It began when my parents purchased a computer in 1997. We got AOL, and for the first time in my life, I had instant messenger and access to the outside world. The big, bad, e-world of strangers. I remember meeting some kid online (okay, I was a kid too, at the ripe age of 13/14) who lived in Arkansas. We actually "dated" online, which was weird, because we'd never talked on the phone or in real life. Needless to say, it didn't last long, but it was my first true taste of what the World Wide Web had to offer.
I created a MySpace page, started a LiveJournal, and really got the flavor of chat rooms. I joined groups on LiveJournal, made random friends on MySpace, and started to become a pro in the world of early social media platforms. I was hooked, I was addicted. My dad had to put a time limit on my e-time, in fact, which kicked me off the web at 1 a.m. I was that hooked.
When I got to college in 2002, I didn't have a computer of my own. I relied on my roommate's computer to keep my LiveJournal very active, and I instant messaged there as well. Then, in 2003, I purchased my first desktop computer and my first cellphone (I was a little behind the game in the cellular department). My LiveJournaling took off and I met my first "real" online boyfriend (who, yes, I would later meet in real life and move in with while living in Chicago, actually), and I started to meet people In Real Life that I'd met online on MySpace (scary).
I joined Facebook the moment it was available at my university, got GMail when it first came out, and became a quick devotee of all things Google. In April 2006, I decided to venture away from my LiveJournal and start a real blog -- a topical blog, this blog. I stopped going to MySpace so much, and embraced Facebook in a serious way. I joined Yelp in 2007, and I took a real dive into the world of meeting strangers In Real Life that I only knew on the web. In January 2008 I joined Twitter, and I went to my first Yelp function where I met a boatload of strangers who were awesome and not scary at all. From that point on, I realized that Social Media and the e-world was more than meets the eye: it was a networking extravaganza of awesomeness and friendship.
In 2008 my blog really took off with followers, and since then I've managed to loop in tons of new readers, new Twitter followers, Facebook friends, and a degree of Social Media presence that earned me a #5 on the most influential Jewish Twitterers by JTA. I spoke at SXSW Interactive 2010 as an expert on Jewish social media, and I've been tapped to moderate a panel discussion next month in NYC at the Jewish Shmooze event. My blog is my top priority (after Tuvia, of course), and I feel guilty if I don't Tweet dozens of times every day. I try to keep up on Facebook, but it's hard sometimes.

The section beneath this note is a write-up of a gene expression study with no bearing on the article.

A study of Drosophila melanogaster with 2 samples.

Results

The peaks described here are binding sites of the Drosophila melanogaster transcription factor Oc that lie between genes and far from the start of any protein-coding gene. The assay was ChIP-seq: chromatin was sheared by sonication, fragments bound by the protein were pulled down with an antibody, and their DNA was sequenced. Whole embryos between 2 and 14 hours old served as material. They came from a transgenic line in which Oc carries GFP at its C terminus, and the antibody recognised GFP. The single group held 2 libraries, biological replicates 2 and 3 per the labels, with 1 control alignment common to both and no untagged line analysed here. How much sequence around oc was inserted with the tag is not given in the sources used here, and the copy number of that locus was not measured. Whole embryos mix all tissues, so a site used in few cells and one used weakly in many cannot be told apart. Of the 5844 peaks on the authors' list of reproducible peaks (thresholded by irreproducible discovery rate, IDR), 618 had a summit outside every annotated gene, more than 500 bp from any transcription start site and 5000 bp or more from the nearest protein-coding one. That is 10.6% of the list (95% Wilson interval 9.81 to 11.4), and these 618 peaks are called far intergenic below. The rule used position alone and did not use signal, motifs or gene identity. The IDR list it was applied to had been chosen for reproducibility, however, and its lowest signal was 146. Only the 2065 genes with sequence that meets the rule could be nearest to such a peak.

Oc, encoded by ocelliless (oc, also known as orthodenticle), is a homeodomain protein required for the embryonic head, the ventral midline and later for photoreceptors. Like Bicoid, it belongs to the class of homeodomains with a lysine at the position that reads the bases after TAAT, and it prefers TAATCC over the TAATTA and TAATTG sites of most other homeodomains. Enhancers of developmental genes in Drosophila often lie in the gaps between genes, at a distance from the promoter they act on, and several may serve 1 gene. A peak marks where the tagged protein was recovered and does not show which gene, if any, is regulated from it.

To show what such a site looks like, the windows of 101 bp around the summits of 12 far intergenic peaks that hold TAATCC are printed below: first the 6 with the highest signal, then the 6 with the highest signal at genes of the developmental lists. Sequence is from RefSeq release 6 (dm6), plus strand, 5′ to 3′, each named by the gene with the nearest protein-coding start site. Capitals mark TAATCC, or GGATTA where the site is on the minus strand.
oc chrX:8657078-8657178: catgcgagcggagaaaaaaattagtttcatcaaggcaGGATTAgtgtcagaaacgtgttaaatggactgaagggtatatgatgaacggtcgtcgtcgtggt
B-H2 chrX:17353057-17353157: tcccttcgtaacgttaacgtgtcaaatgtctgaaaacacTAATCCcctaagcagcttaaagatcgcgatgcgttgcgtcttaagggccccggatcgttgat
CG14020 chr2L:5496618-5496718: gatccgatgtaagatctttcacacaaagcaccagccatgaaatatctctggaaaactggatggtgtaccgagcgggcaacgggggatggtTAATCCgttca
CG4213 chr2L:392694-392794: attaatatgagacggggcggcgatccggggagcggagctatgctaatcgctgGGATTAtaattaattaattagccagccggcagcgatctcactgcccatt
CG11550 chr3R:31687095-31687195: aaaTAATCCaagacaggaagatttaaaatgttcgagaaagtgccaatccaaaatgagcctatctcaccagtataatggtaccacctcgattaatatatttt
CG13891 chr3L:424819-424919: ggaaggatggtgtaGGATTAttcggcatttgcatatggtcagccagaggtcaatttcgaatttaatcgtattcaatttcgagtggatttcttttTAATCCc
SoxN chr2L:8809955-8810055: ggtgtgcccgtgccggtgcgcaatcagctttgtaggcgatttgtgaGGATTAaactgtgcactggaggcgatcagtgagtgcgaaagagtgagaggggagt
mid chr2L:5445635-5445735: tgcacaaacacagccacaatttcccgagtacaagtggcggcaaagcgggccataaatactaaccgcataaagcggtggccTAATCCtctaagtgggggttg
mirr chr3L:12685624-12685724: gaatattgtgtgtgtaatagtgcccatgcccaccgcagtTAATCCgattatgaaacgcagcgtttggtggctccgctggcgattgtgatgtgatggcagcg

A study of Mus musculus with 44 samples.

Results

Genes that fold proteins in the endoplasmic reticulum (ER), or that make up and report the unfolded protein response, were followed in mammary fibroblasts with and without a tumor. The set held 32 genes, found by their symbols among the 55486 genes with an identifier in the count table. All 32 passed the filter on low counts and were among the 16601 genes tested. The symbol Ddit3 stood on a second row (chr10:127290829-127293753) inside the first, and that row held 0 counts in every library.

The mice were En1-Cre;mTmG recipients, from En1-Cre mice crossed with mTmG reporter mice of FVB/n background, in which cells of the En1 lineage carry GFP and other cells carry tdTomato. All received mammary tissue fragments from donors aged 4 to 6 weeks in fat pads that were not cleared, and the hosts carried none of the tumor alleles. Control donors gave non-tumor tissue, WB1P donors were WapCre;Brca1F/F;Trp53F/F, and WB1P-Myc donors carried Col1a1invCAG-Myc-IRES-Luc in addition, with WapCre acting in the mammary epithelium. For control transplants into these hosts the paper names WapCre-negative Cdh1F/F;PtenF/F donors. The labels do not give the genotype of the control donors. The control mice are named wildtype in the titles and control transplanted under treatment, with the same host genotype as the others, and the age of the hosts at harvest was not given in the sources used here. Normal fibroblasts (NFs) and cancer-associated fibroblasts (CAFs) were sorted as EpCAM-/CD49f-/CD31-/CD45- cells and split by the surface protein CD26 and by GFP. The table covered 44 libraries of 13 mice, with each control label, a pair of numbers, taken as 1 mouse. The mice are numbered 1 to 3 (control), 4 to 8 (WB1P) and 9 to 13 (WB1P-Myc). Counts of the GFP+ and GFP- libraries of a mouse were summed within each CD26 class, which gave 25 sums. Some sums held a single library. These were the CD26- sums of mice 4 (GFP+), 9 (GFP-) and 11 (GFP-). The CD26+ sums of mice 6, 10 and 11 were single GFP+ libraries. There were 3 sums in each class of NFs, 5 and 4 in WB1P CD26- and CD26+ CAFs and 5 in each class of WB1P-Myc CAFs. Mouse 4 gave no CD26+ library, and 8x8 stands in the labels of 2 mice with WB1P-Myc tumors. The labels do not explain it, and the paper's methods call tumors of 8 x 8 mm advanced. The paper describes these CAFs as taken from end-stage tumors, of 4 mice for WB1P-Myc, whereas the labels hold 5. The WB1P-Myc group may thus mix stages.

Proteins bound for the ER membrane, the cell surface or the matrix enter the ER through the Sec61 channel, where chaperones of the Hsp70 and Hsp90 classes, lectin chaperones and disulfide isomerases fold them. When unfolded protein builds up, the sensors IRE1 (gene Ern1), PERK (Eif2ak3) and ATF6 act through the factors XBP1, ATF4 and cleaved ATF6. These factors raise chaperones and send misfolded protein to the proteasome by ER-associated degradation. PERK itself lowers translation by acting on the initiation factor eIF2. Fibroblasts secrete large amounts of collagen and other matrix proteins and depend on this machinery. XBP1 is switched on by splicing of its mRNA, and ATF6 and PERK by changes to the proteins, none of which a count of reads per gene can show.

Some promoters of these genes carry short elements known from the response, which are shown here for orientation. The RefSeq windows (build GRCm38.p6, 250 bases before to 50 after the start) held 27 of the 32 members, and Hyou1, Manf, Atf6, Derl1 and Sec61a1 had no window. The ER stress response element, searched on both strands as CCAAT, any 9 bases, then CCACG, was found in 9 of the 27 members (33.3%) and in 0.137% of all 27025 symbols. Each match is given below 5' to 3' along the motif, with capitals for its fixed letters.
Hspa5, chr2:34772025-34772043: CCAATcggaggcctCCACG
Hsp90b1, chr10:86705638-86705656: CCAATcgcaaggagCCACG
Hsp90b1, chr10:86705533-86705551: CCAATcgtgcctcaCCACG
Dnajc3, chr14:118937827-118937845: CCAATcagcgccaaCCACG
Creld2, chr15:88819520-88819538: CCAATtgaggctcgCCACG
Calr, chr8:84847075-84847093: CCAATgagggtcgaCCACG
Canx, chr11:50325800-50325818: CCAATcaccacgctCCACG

You can find me on Yelp, LinkedIn, Twitter, MySpace, Facebook, Blogger, Daily Photo Booth, Flickr, YouTube, 12Seconds.tv, last.fm, Foursquare, and ... the list just goes on and on (I also have a lot of inactive, defunct spots like Brightkite, that are in my name).
Just Google "kvetchingeditor" and tell me what you find. I've branded myself, and that's a success story in Social Media. People know me by my handle, and because it floats across the web, I'm lucky that it's consistent.
Sometimes, I sit back and wonder whether it's all been worth it -- the amount of time wasted playing games on Facebook while waiting for my Twitter to update on Hootsuite or an email to come in from some connection about some function, and my overall conclusion is Oh oh oh YES!
All I have to think about is the people I've met and how they've enriched my lives. I can't count the number of Twitter and Blogging connections I've met In Real Life who have become my closest and dearest friends. Is it worth spreading my entire life all over the web and sharing my experiences with the most distant of strangers? Without a doubt.
That's what Social Media is about: selling yourself/your brand to complete strangers in the hopes of building lasting connections and creating important, life-changing conversations over a variety of web platforms that highlight user-created content.
Of course, it isn't for everyone. I got started on this all 13 years ago (man I'm old), and sometimes it feels too big even for me. But I wouldn't change my experiences for anything in the world. This is the future, folks. Embrace social media. It's the present and the future. Don't believe me? Watch this awesome video below (hat tip to @bryfy).